Commercial thermoelectric devices, based on materials such as solid-state bismuth telluride, operate at about 500 C, too low a temperature to effectively exploit the large amounts of waste heat generated in glass and steel production. MIT researchers designed a thermoelectric system that does operate at temperatures relevant to industrial use. In addition, the new device is based on a molten compound of tin and sulfur which is significantly cheaper than bismuth telluride.

A thermoelectric test cell was built that operates in a liquid state at temperatures from 950-1,074° C (1,742-1,965° F). Once melted, tin sulfide provides a consistent thermoelectric output over a wide temperature range up to 200 degrees above its melting point of 882° C. No significant performance drop was observed as the device cycled up to 1,074° C and back down to 950° C over several hours.Schematic of the thermoelectric test cell. (Source: MIT)Schematic of the thermoelectric test cell. (Source: MIT)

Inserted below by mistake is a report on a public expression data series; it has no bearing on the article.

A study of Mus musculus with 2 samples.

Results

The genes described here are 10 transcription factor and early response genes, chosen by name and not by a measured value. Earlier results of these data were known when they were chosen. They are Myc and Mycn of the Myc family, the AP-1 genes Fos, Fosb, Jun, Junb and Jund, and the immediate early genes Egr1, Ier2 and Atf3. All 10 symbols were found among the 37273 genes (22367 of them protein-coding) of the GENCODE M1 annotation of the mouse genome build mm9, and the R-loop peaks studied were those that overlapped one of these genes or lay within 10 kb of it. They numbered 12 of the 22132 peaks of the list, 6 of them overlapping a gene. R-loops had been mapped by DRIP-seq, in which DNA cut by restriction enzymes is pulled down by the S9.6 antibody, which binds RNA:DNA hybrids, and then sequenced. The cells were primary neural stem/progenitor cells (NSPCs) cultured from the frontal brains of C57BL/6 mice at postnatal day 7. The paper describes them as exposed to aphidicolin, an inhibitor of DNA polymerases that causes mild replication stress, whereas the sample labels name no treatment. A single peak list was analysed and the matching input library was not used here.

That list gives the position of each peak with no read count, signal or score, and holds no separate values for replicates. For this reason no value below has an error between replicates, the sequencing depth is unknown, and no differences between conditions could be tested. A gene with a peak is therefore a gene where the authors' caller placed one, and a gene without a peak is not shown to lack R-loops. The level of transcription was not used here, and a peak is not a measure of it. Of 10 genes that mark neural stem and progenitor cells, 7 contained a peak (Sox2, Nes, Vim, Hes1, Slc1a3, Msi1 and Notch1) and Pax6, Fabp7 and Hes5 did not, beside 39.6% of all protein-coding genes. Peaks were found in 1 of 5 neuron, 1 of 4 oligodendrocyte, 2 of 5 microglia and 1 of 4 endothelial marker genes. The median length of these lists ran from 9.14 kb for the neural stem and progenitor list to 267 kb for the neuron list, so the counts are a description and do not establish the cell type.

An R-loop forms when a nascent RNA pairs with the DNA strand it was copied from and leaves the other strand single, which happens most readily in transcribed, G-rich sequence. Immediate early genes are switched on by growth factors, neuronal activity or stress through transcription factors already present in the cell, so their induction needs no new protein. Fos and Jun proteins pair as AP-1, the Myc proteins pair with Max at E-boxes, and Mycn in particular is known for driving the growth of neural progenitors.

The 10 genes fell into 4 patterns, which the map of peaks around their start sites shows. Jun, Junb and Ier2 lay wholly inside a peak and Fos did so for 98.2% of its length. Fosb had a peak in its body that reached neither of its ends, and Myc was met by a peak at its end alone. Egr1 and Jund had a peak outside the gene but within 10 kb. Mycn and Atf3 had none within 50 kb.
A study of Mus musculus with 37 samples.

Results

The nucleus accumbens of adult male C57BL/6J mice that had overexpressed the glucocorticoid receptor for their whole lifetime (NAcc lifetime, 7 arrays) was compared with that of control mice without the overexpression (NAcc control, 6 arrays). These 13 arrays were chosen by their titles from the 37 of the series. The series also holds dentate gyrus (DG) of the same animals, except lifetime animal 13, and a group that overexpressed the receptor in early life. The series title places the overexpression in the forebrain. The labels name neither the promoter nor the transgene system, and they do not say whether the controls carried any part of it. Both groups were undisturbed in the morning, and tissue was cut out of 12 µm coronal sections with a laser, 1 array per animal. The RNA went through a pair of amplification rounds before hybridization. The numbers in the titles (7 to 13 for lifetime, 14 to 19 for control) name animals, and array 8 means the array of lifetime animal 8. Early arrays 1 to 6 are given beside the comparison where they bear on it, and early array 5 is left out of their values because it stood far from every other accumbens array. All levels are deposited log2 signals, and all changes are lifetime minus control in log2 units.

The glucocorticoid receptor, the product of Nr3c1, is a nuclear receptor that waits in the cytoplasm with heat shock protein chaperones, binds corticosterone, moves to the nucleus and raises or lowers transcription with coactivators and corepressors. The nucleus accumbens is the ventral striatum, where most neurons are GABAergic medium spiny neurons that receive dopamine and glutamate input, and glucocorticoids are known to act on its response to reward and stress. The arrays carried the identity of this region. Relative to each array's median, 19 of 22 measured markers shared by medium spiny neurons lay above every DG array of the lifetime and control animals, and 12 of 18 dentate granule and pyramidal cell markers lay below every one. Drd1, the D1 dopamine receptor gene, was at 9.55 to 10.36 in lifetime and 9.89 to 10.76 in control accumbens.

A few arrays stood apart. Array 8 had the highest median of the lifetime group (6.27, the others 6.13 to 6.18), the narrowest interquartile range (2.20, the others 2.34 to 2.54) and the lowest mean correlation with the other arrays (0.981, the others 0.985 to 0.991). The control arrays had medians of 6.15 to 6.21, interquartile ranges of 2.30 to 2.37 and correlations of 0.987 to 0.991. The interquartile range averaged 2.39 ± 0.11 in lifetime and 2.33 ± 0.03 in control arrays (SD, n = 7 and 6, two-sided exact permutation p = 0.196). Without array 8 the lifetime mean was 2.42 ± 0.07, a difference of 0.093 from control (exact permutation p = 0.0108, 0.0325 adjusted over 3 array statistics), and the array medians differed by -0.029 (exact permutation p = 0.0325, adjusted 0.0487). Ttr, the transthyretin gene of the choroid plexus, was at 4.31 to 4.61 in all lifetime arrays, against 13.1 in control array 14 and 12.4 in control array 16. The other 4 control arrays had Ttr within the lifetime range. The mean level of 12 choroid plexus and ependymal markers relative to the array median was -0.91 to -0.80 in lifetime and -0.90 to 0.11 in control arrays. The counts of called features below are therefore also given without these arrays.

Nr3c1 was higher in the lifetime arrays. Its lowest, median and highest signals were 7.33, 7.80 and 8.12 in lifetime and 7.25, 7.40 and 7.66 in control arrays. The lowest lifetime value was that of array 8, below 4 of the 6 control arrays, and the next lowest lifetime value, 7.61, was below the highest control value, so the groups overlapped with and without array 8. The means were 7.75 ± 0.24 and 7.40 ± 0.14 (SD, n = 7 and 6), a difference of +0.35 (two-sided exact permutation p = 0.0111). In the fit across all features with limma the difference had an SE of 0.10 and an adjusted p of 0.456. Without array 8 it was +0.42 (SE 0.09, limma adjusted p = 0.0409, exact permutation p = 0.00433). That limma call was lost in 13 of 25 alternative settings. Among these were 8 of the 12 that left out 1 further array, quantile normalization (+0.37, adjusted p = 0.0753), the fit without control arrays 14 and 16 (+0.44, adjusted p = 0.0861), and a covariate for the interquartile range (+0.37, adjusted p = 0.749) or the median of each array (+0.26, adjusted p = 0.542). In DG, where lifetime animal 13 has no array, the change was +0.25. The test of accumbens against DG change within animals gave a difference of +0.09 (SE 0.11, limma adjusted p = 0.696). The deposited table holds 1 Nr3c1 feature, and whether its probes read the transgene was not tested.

Thermoelectric devices work by sandwiching together materials that produce an electric voltage when there is a temperature difference between their hot and cool sides. In reverse, they can be used as cooling devices turning an electric current into a temperature drop.

The research can have a large impact on metals producers who already handle hundreds of thousands of tons per year of copper sulfide, iron sulfide, and similar materials in their molten state, but who don’t currently take advantage of the materials’ semiconducting properties. Other merits of the proposed system include the simplicity of handling tin and sulfur, the semiconducting mixture’s relatively high electrical conductivity, and relatively low toxicity compared to compounds such as tellurium and thallium or lead and sulfur.